A recent Stanford University twins study concluded that environmental forces are more influential than genes when it comes to determining the make-up of an individual’s immune system. The study, led by Stanford immunologist Mark Davis, compared 210 identical and fraternal twins between 8 and 82 years old.
After analyzing blood samples that tracked 200+ immune system parameters including cell population frequencies, cytokine responses, and serum proteins, researchers found that in three-quarters of the measurements, differences between pairs of twins were strongly linked to non-heritable factors such as vaccinations, diet, and previous infections. Notably, a key environmental cause of immune system variation was the presence cytomegalovirus (CMV).
CMV is a common chronic infection affecting three in five Americans, and while usually harmless, CMV can pose a health threat to immune-compromised individuals and babies infected congenitally. Once CMV is in a person’s body, it remains for life.
The Stanford team examined 16 pairs of identical twins where only one was infected with CMV, and found significant variance in nearly 60% of the parameters studied. Specifically, CMV-discordant twins showed less similarities for many immune cell frequencies such as effector CD8+ and gamma-delta T cells. Similar results were seen in signaling responses to IL-10 and IL-6 stimulation, as well as in the concentrations of these same cytokines in serum.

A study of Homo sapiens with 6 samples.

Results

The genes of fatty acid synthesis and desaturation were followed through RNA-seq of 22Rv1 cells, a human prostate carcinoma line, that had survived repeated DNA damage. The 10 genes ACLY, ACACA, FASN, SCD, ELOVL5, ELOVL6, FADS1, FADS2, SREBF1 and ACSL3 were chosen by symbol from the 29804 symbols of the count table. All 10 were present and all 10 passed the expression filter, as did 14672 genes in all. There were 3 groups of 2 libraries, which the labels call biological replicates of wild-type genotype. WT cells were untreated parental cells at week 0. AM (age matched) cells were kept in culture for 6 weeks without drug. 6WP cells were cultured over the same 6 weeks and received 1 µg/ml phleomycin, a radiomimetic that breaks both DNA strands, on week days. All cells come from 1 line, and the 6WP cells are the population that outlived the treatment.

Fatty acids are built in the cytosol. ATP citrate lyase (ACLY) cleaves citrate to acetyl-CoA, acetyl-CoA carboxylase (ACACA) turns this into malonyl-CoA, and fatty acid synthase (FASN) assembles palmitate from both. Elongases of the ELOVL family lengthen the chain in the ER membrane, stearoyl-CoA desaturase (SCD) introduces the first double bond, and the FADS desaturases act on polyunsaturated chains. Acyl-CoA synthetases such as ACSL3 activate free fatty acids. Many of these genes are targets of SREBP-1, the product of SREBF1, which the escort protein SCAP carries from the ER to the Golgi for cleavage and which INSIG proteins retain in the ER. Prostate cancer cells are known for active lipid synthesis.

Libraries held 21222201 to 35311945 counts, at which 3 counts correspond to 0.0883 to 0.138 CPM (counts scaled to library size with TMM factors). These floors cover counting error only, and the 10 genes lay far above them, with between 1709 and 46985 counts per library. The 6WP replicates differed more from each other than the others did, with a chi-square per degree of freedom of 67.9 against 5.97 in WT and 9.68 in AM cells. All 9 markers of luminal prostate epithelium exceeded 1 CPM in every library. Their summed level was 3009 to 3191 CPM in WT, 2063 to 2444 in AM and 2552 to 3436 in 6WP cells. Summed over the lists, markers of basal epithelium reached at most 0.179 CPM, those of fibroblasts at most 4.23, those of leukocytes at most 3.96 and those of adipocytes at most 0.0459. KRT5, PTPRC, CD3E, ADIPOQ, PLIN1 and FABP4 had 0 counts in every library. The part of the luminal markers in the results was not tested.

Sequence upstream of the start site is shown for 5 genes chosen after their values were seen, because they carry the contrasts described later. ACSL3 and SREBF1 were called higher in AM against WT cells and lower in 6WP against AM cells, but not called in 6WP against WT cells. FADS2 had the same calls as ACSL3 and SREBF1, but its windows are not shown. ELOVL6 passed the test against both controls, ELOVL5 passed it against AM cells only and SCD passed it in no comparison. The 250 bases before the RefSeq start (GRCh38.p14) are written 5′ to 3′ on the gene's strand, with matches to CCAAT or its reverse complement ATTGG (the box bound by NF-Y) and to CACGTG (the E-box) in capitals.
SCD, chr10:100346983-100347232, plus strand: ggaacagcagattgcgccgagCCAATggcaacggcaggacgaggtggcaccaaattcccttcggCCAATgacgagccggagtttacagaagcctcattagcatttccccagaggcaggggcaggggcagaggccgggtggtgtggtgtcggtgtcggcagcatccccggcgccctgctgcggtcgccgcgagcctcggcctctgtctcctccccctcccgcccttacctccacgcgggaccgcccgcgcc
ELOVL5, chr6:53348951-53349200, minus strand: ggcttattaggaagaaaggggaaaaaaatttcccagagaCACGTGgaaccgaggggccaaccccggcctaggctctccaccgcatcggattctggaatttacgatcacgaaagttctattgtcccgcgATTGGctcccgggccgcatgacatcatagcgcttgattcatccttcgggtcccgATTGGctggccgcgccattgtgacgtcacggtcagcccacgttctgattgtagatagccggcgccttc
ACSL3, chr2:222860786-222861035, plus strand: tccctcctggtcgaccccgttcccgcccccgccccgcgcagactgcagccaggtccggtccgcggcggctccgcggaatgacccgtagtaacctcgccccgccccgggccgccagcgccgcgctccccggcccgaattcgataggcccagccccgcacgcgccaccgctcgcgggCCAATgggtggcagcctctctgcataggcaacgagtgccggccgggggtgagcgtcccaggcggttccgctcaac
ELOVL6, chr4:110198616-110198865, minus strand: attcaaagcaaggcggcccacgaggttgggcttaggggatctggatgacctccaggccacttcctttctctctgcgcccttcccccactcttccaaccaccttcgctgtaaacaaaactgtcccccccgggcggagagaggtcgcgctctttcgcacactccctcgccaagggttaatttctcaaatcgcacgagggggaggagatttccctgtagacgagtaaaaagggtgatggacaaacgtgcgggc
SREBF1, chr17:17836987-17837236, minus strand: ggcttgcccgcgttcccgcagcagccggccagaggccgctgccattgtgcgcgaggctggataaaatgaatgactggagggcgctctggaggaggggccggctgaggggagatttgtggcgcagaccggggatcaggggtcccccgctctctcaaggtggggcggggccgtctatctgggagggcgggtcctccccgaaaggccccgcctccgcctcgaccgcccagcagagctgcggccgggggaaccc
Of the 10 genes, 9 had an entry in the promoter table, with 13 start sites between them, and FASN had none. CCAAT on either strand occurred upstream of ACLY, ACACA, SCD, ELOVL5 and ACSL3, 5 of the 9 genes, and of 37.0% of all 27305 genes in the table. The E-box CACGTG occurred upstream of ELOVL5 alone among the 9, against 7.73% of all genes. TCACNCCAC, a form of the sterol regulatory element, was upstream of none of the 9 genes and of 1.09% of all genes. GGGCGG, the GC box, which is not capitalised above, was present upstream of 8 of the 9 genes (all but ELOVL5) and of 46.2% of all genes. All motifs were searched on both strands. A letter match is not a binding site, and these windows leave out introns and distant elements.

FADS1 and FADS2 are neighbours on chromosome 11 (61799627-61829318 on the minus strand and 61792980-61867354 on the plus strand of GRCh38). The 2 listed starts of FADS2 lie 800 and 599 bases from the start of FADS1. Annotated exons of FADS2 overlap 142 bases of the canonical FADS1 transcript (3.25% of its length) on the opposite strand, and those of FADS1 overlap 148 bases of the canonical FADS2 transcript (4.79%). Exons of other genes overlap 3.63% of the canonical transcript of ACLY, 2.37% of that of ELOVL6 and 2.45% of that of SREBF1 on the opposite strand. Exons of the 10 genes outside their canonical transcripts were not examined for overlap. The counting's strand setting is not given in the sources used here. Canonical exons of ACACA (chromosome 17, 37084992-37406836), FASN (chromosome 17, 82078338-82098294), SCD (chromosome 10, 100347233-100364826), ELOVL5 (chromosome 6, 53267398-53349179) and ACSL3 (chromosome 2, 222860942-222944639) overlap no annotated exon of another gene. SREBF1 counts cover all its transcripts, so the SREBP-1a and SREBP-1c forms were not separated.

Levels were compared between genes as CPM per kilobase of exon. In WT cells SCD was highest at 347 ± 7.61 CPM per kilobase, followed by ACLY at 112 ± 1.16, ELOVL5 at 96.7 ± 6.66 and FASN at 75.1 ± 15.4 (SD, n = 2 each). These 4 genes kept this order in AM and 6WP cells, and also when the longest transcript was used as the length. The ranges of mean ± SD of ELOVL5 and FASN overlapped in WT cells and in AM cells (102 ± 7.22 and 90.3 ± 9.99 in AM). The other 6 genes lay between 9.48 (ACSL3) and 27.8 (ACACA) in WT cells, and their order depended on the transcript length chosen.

Overall, the study confirmed that CMV’s influence was widespread, affecting 58% of the 204 immune system measurements. These findings demonstrate how a single chronic viral infection can dramatically alter the immune system’s composition and responsiveness.
The study’s authors concluded that when the immune system is tasked with a lifelong need to control a viral infection like CMV, it may create a broad shift in the magnitude and complexity of many cell subsets. Research suggests that as many as 10% of all T cells in CMV positive individuals may actively restrain viral replication and prevent disease.